How the Supreme Court Could Reshape Social Media

(Photo by Jakub Porzycki/NurPhoto via Getty Images)

[UPDATE February 22, 2023: When the Supreme Court heard oral arguments in Gonzalez v. Google Tuesday, justices seemed hesitant to strike down broad legal protections for internet providers whose users post illegal content. But in a related case Wednesday, Twitter v. Taamneh, justices grappled with how to hold internet companies responsible for users pushing prohibited content, particularly when it comes to spreading terrorist ideology. 

During Tuesday’s arguments (see The Morning Dispatch for more details) justices on both ends of the ideological spectrum seemed concerned about what a shakeup to Section 230 of the Communications Decency Act might mean for internet companies.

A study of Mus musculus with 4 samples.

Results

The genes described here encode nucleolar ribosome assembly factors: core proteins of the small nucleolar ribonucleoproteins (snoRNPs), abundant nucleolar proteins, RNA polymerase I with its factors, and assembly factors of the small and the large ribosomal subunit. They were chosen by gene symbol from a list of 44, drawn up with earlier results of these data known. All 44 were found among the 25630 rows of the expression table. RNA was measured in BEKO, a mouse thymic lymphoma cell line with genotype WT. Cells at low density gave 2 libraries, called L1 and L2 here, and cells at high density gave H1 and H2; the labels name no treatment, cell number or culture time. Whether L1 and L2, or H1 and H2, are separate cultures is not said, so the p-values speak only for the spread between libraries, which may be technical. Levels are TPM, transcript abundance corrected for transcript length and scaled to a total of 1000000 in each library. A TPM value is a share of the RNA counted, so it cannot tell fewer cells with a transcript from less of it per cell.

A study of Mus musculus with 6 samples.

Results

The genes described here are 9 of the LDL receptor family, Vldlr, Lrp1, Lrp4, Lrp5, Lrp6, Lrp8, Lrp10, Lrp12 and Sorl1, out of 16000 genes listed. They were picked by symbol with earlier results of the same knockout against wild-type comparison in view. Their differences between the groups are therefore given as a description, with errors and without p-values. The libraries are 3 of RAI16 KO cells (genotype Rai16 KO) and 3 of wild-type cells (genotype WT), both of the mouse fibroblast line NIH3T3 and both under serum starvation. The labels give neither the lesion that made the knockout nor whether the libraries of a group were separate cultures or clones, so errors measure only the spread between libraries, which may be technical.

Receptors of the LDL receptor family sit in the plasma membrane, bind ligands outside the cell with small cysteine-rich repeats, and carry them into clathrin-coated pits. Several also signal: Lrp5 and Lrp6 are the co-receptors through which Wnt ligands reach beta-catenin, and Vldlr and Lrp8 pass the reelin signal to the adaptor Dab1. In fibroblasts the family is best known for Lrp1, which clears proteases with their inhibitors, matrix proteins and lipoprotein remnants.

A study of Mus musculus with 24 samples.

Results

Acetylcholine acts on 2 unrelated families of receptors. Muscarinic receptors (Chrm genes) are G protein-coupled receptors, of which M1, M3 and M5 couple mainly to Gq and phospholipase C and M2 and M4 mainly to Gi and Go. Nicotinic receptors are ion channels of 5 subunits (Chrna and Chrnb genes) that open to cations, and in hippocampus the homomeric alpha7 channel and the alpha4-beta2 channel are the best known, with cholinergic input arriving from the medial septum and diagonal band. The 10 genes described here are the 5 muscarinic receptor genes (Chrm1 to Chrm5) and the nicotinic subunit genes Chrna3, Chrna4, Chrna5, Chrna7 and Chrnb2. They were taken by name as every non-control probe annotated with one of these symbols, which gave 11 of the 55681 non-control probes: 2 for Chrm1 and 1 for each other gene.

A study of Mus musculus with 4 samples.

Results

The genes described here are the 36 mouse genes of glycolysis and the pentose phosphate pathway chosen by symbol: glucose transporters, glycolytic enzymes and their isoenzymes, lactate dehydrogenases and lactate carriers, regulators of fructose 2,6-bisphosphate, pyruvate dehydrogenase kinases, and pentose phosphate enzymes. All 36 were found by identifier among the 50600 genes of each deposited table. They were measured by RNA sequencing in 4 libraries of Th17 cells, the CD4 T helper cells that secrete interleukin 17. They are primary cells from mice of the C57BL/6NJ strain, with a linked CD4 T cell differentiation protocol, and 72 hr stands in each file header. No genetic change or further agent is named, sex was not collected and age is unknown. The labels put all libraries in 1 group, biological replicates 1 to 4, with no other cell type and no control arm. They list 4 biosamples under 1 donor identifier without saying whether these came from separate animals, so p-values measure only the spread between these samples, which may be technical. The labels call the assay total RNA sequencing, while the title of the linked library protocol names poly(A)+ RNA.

“Lawsuits will be nonstop,” if the court rules against the tech companies, Justice Brett Kavanaugh said. Justice Amy Coney Barrett also questioned whether average social media users would be in legal peril if they retweeted or liked content that faced legal challenges. Justice Elena Kagan suggested Congress, not the judiciary, should tackle the issue: “These are not like the nine greatest experts on the internet.”

Arguments in Wednesday’s case addressed whether internet companies are liable for aiding and abetting terrorism for hosting terrorism-related content under the Anti-Terrorism Act. Both liberal and conservative justices were more confrontational to Big Tech’s lawyers, seeming sympathetic to arguments that Twitter could have done more to boot terrorists from accessing its services. “Willful blindness … can constitute knowledge,” Justice Sonia Sotomayor said.